Chris Osborne

Building small, profitable and remote tech companies at KintuLabs

Earlier today on Twitter I shared the criteria we have set (not in stone) for building small, profitable and remote startups at KintuLabs:

I want to expand on these a little in the hopes it’ll help other people considering starting a small, profitable and remote tech company.

Let’s jump in…

Does it solve a problem we have?

My most successful products have always come from working on a product, experiencing a problem, and going on to create a new product to solve that problem.

Here’s how this has worked for me:

I created FoundersGrid (acquired) as there was a lot of content around tech and startups, but no one was curating the very best reads every week.

I created GrowthList as I started building lists of fast-growing startups I could email to see if they wanted to sponsor the FoundersGrid newsletter. It turned out my friends wanted copies of the lists for their own outreach efforts, hence a new business was born.

I created CryptoWeekly when we started adding a lot more crypto/blockchain pieces to the FoundersGrid newsletter – so it made sense to create a new newsletter just for crypto
(which consequently went on to make $350k in its first year).

I created CryptoList as we needed a list of crypto companies we could reach out to about sponsoring the CryptoWeekly newsletter.

I created NewKeys as I wanted an overview of what properties are available to purchase all around the world in the $75-$100k price range, along with the key details of what’s required for a foreign national to purchase a property in each location.

I created Cosana as finding reliable remote contractors to manage the above businesses was becoming a real pain. Now anyone can access a database of fully-vetted remote contractors whenever they need some help.

I created DailyNames as finding great affordable domain names has always been time-consuming as most domains on marketplaces are overpriced and there’s so much crap to filter through.

So yeah, I’m a firm believer in creating products that solve your own pain points first.

And as we are happy to generate $100k-$500k/yr with each new product we create, we do not need the whole world to like or want our products.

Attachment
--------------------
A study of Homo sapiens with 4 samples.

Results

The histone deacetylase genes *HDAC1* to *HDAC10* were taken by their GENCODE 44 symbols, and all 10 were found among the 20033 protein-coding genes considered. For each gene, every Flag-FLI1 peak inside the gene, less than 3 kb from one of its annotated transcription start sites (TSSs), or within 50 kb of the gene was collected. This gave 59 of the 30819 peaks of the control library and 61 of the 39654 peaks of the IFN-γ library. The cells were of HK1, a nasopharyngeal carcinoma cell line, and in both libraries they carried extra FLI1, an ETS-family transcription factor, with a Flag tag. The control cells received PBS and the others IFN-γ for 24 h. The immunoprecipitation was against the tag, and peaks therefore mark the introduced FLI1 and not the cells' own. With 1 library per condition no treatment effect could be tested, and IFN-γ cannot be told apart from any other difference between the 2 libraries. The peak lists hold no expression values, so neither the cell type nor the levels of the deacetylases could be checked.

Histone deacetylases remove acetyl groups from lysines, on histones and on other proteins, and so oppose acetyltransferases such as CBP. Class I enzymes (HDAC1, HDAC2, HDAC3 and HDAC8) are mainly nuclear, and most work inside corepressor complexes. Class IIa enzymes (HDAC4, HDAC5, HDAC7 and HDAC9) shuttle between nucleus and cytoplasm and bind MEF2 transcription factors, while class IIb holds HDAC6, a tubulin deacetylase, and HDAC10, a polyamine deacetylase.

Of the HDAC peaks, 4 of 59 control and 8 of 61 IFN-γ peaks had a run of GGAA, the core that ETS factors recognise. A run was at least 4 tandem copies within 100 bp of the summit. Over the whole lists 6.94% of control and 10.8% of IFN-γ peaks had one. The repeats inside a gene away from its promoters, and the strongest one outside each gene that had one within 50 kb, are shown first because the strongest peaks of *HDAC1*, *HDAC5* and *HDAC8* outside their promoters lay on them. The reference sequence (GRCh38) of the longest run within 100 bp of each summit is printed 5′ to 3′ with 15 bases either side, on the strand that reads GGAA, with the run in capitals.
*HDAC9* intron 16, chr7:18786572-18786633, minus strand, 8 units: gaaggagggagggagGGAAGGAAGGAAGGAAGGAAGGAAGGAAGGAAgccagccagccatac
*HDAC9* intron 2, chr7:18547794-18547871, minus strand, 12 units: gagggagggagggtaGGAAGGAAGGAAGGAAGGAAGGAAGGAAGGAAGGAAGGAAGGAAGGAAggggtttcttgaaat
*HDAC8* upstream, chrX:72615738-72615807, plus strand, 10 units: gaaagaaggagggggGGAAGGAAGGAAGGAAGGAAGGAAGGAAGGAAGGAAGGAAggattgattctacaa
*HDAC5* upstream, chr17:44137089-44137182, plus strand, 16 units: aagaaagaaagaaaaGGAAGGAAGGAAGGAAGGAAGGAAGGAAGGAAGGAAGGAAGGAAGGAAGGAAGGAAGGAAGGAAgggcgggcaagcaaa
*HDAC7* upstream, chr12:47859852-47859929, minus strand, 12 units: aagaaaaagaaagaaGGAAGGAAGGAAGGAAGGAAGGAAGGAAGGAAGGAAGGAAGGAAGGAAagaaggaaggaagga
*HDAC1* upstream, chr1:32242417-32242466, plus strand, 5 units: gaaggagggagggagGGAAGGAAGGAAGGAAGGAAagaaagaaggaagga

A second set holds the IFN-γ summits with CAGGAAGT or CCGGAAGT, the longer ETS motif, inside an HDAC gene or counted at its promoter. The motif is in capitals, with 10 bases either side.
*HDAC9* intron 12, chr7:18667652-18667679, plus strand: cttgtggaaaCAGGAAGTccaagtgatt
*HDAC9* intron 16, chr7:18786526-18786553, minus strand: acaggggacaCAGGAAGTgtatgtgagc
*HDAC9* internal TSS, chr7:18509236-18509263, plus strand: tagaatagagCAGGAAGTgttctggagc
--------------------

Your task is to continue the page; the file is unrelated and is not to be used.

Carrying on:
Fun fact; at $299 per quarter for CryptoList, we needed to find 83 customers who also value the product as much as we do to pass $100k/yr.

Can we build and ship within 1-2 weeks? (we’ll expand this later)

Right now I’m kind of blessed I have enough product ideas that don’t involve code – which is what makes a lot of product development cycles time intensive.

If I look at what we really do across our current product line, it’s we save people and businesses time. All our products take an insane amount of hours to put together, but that’s our business; we are good at saving businesses/people time.

But I’ve noticed with my list of “ideas” that some products will take much longer to launch than others – so it’s important as a young bootstrapped startup that we focus on building the products we can get launched quickly first.

Can it be managed by 1-2 people?

As we are not shooting for ‘world domination’ with our companies. The end-goal is to have each company serve 100-300 paying customers with just 2 employees – ala Instagram when they sold to Facebook for $1 billion with 13 people.

By the end of the year, I’d like each company to have one person focused on product and operations, and the other focused on sales and marketing. As we don’t rely on code for our products (yet), I think this small combo will work really well.

Please note: due to resources – we do not currently have this setup – but it’s our goal to have this setup by the end of the year.

Can it generate revenue in the first 1-2 months?

As bootstrappers, this means everything to me. If we can’t cover overhead costs within 1-2 months, it makes sense to allocate our resources into products where we can.

Can it generate $100k+/yr?

I believe most good products can. It’s more of a question of knowing how to get the product in front of the right customers – even if this does take a while.

Do we know how we can onboard new customers?

The list of user acquisition channels is immense right now – and each new product will respond differently to different channels. More on this on another post!